Your physical activity routine might be focused on losing weight or building cardiovascular health (or both), but it's also important to spend a little time developing your balance and stability.
You may think you're already doing that by taking exercise walks or working out at the gym. Indeed, one study of postmenopausal women showed that those who were regular brisk walkers had better postural stability than women who weren't regular walkers. But building overall good balance takes specific training, which is important for preventing the falls that can lead to debilitating injuries such as hip or wrist fractures.
To get that training, don't just rush out and buy a balance board or giant stability ball, says Ryan Overturf, BS, Assistant Director of Professional Training at TELOS Fitness Center in Dallas (ACSM, CIAR, MATT, PTPT) and Certifying Instructor for the Cooper Institute for Aerobics Research. You need to first develop your balance on flat, non-moving (static) surfaces before advancing to moving (dynamic) ones.
Brain training for balance
How do you develop stability on purpose? "You're talking about muscle strengthening, but you're also talking about brain training," says Cynthia Trowbridge, PhD, Assistant Professor of Kinesiology at the University of Texas, Arlington.
For secure balance, she says, you must develop good corrective responses to "information coming from your environment, whether that's (through) vision or the sensation under your feet." And you need to anticipate what your body's responses should be.
In that way, says Dr. Trowbridge, who is also a certified athletic trainer (ATC) and certified strength and conditioning specialist (CSCS), "you challenge your stability by cueing your muscles to help maintain your balance and positioning. Walking outdoors on a rough gravel path or grass surface would challenge you more than walking around on the kitchen floor or using a stationary bike."
To teach your brain to react and control balance better, she advises putting yourself "in safe, unstable positions." A good example is standing on one leg, with something nearby to grab onto if you start to wobble. Or stand on both feet, but on a foam pad or couch cushion. These experiences help your brain learn to respond to the changed information your body is receiving.
Dr. Trowbridge suggests this "brain training" to build stability:
- Stand on an even surface, with a sofa, chair or dance bar within reach.
- Lift one leg and place it on the inside of your calf, or let it hang by your side.
- Hold both arms out for balance.
- Hold the position for 10 seconds. Repeat 3 to 5 times. When you can do that easily, increase your hold time to 20 seconds and, eventually, 30 seconds
- Remember to exhale and inhale during the exercise. Do not hold your breath.
- To add to the challenge, lower your arms to your side or criss-cross your chest (right hand to left shoulder, left hand to right shoulder).
- Timesaver tip: Try this stand while in the grocery store line (with the cart as a grab bar) or while talking on the phone.
Building strength in your trunk
Maybe you've been working on getting stronger arms or legs, but for stability you also need to strengthen the muscles in your core, or trunk. Those include your abdominals, lower back, shoulder, hip and gluteal muscles.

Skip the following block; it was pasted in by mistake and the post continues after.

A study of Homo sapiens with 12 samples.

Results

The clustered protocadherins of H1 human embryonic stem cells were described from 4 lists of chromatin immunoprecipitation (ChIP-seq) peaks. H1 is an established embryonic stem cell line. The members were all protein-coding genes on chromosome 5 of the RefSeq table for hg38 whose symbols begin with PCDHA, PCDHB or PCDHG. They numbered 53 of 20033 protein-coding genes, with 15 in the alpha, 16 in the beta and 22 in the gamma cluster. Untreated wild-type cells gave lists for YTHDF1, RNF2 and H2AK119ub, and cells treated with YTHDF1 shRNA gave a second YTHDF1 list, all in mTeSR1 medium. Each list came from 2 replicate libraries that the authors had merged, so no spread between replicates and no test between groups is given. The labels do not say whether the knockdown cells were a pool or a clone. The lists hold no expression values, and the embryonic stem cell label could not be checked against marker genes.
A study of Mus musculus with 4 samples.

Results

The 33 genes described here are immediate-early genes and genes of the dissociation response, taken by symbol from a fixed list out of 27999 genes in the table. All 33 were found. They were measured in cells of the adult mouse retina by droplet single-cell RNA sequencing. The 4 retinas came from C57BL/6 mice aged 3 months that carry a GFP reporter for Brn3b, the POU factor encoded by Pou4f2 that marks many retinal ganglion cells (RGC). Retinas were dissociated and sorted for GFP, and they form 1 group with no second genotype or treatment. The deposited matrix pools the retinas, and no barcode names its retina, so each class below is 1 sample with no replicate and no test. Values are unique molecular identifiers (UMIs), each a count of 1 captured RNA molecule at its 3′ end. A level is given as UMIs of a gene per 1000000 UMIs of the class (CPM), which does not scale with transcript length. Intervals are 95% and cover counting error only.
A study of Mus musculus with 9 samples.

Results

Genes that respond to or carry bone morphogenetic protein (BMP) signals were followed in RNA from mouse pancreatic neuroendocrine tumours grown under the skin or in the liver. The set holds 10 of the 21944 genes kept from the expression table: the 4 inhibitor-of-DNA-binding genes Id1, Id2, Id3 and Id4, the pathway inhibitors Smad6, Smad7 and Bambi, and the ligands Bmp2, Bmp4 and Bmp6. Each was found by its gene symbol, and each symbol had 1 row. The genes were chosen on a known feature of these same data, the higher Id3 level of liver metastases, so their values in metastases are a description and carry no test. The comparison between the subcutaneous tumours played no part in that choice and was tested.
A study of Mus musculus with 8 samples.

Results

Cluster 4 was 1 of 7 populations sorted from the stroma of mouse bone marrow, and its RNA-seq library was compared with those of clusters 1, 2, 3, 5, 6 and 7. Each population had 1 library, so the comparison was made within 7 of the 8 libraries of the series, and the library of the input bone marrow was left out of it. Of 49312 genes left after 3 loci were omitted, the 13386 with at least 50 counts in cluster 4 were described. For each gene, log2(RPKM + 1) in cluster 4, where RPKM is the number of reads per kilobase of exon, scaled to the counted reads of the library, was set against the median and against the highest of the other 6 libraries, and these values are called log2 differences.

That means resistance or weight training, using your body's weight to begin with and then moving on to equipment such as exercise bands and free weights. Machine weights are good for other things, Dr. Trowbridge says, but not for building balance. "What machine weights do is they put you in a false stability. Our accidents don't happen when we're sitting in a chair," she says.
Simple yoga positions are good for developing your core, Dr. Trowbridge adds. Research has also shown that even just four weeks of Tai Chi, a Chinese exercise form that uses controlled movements and weight shifting, improves balance in older people.
Mr. Overturf recommends these exercises for building stability:
Body Weight Squat
- Stand with your feet just wider than your shoulders and angled out slightly.
Your shoulders should be back, with head and spine in good posture. Bend knees and hips slightly with the upper body leaning forward slightly.
Inhale. Slowly push your hips back and lower your body until you can no longer maintain proper posture.
Pause, exhale. Stand up slowly
One-Leg Hip Abduction
- Strap exercise tubing to the ankle of one foot. Stand on a small step or floor with the opposite foot.
- Place the leg with the tubing slightly in front of the other leg. Use the opposite hand to hold onto something for balance.
- Exhale and slowly pull the leg across and out about 30 degrees from the body maintaining good posture.
- Pause, then slowly bring the leg back to the starting position.
Other tips on improving your balance
- Stability training takes only a few minutes and can be part of your regular exercise routine. Work it into your warm-up or cool-down periods.
- Once you've succeeded with static (non-moving) exercises, try walking heel to toe on an imaginary line, like a tightrope. Dr. Trowbridge says you should watch your feet until your stability improves. Then try it looking straight forward and continue to practice until you can walk with your eyes closed.
- If you're not fit, just sit in a chair and lift your feet up, holding your arms out to your sides. Try to contract your muscles so you stabilize yourself in a static position.
- Reduce the amount of time you spend in flip-flops, high heels or any non heel strap shoe, Mr. Overturf advises. Such footwear, over time can lead to improper foot and lower leg mechanics that can affect balance and stability.